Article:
When California employees think about sexual harassment in the workplace, they probably think about inappropriate conduct involving a man and a woman. Even though it’s not as prevalent as the male-on-female variety, female-on-female sexual harassment can and does occur.
In a poll of women who experienced sexual harassment, 10 percent reported that they had been harassed by another woman while at work. Part of the reason that female-on-female harassment is often overlooked may be due to the sheer number of workplace harassment cases from male coworkers and managers. Another reason, however, may be that some women do not report harassment that they just view as “bothersome.” In some cases, a female employee may consider the harassment as a boundary issue and not a harassment issue.
With that being said, female-on-female harassment is often similar in nature to male-on-female harassment. In fact, a 2009 study that looked at workplace harassment lawsuits that had been filed in Australia showed that about 33 percent of the complaints involved unwanted touching, kissing or hugging. Further, 90 percent of these complaints were filed by workers against managers or supervisors. Ultimately, sexual harassment in the workplace is more about exerting power over the other person.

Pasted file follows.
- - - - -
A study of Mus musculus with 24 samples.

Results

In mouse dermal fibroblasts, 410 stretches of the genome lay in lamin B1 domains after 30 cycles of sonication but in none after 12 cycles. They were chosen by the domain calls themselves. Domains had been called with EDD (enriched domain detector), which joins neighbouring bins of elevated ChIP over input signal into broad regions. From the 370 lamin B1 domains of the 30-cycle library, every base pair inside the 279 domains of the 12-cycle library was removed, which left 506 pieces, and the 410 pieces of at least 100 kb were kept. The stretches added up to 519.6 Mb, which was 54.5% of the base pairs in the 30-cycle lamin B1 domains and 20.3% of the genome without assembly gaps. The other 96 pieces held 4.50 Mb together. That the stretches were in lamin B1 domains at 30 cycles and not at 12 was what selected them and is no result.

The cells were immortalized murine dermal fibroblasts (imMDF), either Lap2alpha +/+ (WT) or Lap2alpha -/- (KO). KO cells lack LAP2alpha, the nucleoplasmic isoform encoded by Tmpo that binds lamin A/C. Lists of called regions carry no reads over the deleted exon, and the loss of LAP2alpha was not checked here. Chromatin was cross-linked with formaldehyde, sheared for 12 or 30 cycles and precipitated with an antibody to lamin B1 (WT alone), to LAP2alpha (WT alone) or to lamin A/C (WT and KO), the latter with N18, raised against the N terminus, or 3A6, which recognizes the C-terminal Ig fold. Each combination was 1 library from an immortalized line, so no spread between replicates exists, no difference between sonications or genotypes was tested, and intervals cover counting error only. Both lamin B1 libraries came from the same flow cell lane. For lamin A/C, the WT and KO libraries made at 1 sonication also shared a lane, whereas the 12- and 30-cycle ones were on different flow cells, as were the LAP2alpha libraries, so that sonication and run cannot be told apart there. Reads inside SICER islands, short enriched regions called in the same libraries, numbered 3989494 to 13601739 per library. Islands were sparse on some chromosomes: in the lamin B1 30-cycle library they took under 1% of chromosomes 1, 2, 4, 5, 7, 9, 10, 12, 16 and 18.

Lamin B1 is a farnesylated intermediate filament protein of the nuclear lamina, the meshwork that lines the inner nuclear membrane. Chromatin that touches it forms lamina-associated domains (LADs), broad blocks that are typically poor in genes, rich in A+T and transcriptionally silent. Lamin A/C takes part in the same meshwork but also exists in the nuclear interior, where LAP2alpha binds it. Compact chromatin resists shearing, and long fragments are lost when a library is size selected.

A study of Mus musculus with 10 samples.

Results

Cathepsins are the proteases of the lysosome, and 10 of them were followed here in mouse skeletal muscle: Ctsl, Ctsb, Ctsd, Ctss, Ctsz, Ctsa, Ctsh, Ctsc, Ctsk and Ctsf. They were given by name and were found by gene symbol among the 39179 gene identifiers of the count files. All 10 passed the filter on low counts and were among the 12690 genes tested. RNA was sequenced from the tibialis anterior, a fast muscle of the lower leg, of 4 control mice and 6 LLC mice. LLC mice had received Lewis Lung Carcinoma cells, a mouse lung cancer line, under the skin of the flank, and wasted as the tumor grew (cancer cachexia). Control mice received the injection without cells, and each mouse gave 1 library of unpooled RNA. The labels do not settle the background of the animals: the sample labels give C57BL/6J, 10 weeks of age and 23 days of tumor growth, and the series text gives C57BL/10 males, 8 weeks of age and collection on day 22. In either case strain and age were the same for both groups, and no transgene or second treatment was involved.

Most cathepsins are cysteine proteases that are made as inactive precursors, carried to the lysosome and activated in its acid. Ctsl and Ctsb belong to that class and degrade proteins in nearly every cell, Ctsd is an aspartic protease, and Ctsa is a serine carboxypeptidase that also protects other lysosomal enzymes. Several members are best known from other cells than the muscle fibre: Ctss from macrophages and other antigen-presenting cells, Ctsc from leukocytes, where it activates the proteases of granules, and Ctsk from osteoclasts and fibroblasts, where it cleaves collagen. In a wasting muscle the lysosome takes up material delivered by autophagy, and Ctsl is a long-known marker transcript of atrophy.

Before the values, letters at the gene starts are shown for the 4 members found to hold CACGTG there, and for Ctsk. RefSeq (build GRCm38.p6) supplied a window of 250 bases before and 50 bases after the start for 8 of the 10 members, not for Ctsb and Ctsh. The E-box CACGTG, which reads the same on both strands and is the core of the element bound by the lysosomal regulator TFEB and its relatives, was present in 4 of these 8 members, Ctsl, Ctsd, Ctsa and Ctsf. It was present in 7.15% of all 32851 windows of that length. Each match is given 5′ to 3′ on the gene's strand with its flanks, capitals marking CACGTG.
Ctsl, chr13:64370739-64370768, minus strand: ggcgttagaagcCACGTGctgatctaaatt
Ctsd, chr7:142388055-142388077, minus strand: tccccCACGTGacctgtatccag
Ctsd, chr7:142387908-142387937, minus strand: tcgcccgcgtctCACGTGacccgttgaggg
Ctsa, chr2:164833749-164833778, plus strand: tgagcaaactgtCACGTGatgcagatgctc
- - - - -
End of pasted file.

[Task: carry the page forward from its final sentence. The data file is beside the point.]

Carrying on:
Sexual harassment at work can have a profound effect on an employee’s mental health and ability to continue completing high-quality work for the employer. If an employer fails to stop and prevent sexual harassment from continuing, an attorney could file a sexual harassment claim. For example, the lawyer may gather evidence through emails, text messages and testimony from the employee and other workers. The attorney might also demonstrate that the employer failed to remedy the situation.